5. second for loop


if (text[i] === "K") {
for (var j = i; j < i + myName.length; j++) {

The part I don't understand is why the second "for" loop ends with: j < i + myName.length. I'm hoping someone can point out my error in logic.

I know that myName.length = 5. I also know that an array would identify all five characters as [K=0, E=1, V=2, I=3, N=4].

The hint on the exercise indicates that "Your loop should stop when it hits the value of the first iterator (say, i) plus the length of your myName variable."

The value of the first iterator in my case is K. Also, as stated above, myName.length = 5. To me, this seems to mean the iteration would stop after K plus 5 character positions, which of course is longer than my name.

So here is my question - Why does the loop end with i + myName.length, instead of just myName.length? My thinking is that j < myName.length would iterate a total of five character spaces, or [0, 1, 2, 3, 4], which is my entire name. What is the purpose of adding i here to myName.length?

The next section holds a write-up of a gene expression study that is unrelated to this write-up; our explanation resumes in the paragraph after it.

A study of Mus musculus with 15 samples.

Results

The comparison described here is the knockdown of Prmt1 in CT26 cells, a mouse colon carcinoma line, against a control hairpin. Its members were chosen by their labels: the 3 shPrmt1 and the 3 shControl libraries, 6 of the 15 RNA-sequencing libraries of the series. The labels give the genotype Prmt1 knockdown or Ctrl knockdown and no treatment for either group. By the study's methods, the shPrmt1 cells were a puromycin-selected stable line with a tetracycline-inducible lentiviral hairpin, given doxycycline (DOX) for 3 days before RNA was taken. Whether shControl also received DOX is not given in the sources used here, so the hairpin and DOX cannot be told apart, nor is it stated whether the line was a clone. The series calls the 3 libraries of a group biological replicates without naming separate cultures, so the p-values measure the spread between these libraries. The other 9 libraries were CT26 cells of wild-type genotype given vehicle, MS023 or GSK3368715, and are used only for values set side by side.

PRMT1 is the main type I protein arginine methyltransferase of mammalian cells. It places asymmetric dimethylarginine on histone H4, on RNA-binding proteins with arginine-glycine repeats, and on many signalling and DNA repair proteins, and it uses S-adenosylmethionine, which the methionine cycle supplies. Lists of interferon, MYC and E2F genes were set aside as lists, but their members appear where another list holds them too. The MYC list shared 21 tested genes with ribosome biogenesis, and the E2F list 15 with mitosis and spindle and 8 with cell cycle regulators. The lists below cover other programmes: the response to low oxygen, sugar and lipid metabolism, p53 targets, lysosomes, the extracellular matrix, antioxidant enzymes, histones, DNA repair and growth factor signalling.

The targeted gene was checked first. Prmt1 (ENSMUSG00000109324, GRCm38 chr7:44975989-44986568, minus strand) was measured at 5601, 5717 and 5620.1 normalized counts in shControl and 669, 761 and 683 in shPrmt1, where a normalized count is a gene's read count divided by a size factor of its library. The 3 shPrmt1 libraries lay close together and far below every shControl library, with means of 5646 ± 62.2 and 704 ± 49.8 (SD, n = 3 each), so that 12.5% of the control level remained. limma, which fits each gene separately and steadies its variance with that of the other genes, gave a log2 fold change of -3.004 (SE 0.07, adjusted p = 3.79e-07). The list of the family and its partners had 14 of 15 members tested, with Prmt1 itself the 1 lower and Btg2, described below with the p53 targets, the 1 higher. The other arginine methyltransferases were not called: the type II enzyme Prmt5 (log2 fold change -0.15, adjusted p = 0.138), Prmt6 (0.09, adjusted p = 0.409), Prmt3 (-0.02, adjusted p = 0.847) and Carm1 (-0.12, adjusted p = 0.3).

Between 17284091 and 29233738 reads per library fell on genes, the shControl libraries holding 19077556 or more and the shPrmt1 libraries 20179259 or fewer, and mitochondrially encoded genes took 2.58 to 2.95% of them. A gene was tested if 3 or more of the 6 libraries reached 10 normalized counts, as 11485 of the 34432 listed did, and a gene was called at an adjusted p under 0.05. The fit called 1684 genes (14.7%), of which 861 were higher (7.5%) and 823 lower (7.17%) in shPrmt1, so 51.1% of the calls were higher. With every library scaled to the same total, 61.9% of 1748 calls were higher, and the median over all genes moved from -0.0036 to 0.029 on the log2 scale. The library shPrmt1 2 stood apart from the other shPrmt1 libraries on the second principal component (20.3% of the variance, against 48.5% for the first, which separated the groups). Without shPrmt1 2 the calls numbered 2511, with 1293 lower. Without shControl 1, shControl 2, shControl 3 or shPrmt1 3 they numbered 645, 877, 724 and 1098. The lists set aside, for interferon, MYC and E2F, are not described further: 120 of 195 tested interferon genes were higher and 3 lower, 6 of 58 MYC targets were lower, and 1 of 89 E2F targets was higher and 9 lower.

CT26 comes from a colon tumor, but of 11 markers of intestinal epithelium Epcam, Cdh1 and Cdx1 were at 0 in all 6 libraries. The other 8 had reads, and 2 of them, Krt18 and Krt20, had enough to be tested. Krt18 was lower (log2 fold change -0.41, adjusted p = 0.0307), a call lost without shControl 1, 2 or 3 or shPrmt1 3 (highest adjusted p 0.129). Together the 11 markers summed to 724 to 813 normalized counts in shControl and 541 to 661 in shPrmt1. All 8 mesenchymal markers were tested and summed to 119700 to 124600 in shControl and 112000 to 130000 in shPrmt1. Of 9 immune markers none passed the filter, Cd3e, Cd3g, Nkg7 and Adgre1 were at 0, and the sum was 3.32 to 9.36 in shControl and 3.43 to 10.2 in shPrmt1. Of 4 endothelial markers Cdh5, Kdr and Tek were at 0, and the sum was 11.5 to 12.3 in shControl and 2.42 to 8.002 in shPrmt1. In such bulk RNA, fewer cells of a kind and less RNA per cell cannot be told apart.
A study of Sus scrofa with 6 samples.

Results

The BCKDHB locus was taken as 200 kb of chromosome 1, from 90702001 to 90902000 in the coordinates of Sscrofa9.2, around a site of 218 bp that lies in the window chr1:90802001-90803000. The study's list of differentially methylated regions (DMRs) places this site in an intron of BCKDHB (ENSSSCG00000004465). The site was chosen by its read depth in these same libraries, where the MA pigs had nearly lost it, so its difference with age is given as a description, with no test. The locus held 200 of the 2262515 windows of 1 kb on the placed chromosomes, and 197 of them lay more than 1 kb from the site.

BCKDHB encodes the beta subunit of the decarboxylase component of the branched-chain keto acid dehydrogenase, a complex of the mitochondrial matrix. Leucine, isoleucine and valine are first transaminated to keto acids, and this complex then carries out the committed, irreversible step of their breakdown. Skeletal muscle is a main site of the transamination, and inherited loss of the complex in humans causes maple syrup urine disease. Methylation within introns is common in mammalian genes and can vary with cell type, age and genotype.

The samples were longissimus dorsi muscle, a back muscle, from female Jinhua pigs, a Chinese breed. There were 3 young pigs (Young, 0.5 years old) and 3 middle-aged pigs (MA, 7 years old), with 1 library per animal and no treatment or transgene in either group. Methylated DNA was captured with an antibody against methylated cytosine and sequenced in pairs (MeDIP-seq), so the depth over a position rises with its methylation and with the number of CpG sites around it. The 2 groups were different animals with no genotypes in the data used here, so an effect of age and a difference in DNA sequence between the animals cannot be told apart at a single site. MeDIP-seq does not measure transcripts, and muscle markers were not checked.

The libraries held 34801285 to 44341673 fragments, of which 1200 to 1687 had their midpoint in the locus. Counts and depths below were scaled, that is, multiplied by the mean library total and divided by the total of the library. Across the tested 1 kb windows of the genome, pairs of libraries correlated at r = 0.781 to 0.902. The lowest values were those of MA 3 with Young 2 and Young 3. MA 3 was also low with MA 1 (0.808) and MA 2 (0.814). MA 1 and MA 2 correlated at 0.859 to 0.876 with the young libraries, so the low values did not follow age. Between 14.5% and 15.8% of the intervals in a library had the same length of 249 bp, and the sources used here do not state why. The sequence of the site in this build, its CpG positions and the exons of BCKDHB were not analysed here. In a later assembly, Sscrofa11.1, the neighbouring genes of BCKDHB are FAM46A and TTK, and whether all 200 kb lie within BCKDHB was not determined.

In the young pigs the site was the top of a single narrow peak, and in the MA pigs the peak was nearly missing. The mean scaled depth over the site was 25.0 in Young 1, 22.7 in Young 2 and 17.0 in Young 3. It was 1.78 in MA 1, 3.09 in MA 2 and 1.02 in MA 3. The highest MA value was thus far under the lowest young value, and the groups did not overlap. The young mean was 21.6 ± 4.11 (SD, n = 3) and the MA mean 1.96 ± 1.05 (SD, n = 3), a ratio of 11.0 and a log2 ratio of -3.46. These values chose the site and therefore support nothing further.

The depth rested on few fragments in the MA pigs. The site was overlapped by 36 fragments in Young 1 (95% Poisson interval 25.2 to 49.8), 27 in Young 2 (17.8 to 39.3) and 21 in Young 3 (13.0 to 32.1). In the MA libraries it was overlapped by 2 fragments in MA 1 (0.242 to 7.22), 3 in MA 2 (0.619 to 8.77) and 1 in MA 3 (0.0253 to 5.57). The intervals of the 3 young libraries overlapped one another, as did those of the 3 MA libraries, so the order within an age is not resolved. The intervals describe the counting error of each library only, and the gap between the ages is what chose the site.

Thanks for your help and any insight you can provide.


Sorry it's 3:56 AM where I am, I'll try my best to answer later :stuck_out_tongue:


If your myName.length is 5 and you set your for loop condition to j<myName.length, that loop would run 4 times. Then hits.push(text[j]) only collects [K,E,V,I] into the hits array.

In your 2nd loop, i represents K which holds position 0 in the hits array. So by adding i to myName.length, you are enabling the loop to run 5 times. This collects positions 0,1,2,3,4 into the hits array or [K,E,V,I,N].


Thanks very much!! This is the first explanation I've read that's made sense to me. I've been thinking about this exercise for far too long. Thanks again!